In the NFL and presumably in most football leagues, the goal lines, yard lines, and hash marks are all four inches wide. The hash marks/yard lines are painted at 36-inch intervals; that is, they are 32 inches apart so that they mark exactly one yard each. Easy enough.
However, doesn't this make the field between goal lines exactly 99 yards and 32 inches from goal line to goal line? It is less than one hundred yards, right?
Since that cannot be, I must conclude that the rear of the defensive goal line is the actual defensive goal line. Am I right?
Come to think of it, this would be consistent with how balls are spotted. On a touchback, for example, the ball is spotted with the nose just kissing the back edge of the 20-yard line. Thus a ball spotted at the one-yard line would just kiss the painted hash mark, and so a ball spotted at the one-inch line would be three inches behind the front of the goal line, which we normally think of as "in the end zone," but it must not be so.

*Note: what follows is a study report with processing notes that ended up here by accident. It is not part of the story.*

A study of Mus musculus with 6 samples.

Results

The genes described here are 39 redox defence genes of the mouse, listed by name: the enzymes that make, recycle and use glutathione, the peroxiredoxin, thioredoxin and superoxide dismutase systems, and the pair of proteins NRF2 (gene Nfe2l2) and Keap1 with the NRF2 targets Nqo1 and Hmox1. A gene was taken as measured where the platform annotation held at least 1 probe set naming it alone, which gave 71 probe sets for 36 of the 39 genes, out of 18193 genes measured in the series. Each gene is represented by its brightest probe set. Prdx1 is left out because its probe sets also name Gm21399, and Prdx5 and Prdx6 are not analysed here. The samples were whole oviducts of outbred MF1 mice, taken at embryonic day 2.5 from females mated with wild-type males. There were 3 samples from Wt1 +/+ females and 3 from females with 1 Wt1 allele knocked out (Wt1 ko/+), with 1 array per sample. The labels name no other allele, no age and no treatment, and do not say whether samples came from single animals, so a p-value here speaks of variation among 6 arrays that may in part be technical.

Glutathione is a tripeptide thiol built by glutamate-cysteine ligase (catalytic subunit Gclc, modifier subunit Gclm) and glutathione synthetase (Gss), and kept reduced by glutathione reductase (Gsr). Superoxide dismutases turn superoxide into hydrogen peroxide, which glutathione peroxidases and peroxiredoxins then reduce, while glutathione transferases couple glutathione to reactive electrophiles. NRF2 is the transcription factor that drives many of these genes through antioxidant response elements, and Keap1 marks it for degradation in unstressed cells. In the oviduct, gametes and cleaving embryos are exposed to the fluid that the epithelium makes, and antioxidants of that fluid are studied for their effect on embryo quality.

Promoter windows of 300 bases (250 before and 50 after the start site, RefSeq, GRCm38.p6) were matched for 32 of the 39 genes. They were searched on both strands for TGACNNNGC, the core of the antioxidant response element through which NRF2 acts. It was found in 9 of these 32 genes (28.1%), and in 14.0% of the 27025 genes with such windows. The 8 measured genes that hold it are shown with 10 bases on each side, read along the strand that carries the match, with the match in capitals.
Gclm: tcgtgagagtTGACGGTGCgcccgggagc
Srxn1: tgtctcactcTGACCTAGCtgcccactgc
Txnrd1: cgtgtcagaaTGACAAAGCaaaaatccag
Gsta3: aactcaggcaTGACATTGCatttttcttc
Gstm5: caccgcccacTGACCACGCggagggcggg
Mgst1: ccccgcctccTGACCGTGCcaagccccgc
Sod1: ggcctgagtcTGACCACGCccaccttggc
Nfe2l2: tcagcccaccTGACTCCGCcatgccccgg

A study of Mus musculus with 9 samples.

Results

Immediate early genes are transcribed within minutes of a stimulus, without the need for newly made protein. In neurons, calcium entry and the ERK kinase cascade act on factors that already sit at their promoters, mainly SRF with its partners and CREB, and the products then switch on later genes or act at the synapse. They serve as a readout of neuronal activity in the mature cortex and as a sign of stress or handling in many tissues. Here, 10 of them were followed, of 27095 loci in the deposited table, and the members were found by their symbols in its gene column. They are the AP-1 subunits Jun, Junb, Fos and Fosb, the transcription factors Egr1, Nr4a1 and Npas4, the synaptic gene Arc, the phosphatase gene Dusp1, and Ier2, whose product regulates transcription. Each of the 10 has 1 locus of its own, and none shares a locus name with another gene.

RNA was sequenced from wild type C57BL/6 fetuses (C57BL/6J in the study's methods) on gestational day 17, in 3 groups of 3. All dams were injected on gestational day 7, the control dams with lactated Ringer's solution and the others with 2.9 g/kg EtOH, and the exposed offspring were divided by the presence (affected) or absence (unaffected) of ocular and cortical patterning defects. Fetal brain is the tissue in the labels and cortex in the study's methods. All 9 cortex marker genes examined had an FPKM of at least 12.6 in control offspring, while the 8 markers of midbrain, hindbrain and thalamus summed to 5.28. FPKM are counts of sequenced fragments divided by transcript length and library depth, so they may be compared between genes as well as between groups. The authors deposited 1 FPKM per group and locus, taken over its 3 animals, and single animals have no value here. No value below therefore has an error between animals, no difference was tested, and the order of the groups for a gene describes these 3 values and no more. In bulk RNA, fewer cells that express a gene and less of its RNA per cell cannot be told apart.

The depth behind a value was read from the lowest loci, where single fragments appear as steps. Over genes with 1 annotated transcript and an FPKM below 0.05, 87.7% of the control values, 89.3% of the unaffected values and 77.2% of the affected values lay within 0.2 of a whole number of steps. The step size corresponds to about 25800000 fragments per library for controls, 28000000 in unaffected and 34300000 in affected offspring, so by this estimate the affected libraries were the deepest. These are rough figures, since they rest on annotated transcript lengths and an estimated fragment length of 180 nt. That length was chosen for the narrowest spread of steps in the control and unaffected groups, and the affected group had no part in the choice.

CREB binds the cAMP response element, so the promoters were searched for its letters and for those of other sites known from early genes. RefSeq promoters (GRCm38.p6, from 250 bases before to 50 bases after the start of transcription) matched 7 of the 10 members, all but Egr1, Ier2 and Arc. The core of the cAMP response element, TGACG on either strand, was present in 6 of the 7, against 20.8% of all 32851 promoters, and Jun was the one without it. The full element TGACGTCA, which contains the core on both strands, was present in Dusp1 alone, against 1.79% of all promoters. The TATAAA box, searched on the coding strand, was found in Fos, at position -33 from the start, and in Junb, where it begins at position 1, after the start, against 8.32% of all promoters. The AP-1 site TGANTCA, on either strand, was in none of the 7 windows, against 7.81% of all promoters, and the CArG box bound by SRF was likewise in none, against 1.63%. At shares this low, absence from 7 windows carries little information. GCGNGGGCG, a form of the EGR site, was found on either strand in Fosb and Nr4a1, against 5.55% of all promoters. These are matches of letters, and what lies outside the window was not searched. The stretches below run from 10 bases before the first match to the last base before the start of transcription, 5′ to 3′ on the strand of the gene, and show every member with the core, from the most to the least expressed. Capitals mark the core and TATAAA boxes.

I suppose it would only matter in the question of a loss of yards from scrimmage or a terrible kick return within four inches of the goal line. If a ball carrier is down by contact with the nose of the ball spotted three inches behind the front plane of the defensive team's goal line, this must not be a safety/touchback, right? That is, the ball can be spotted for a play from scrimmage with its nose at three inches behind the front of the painted goal line (one inch from the back of the painted goal line), from which the offense would have to advance 99 yards and 35 inches for a touchdown. Is this right?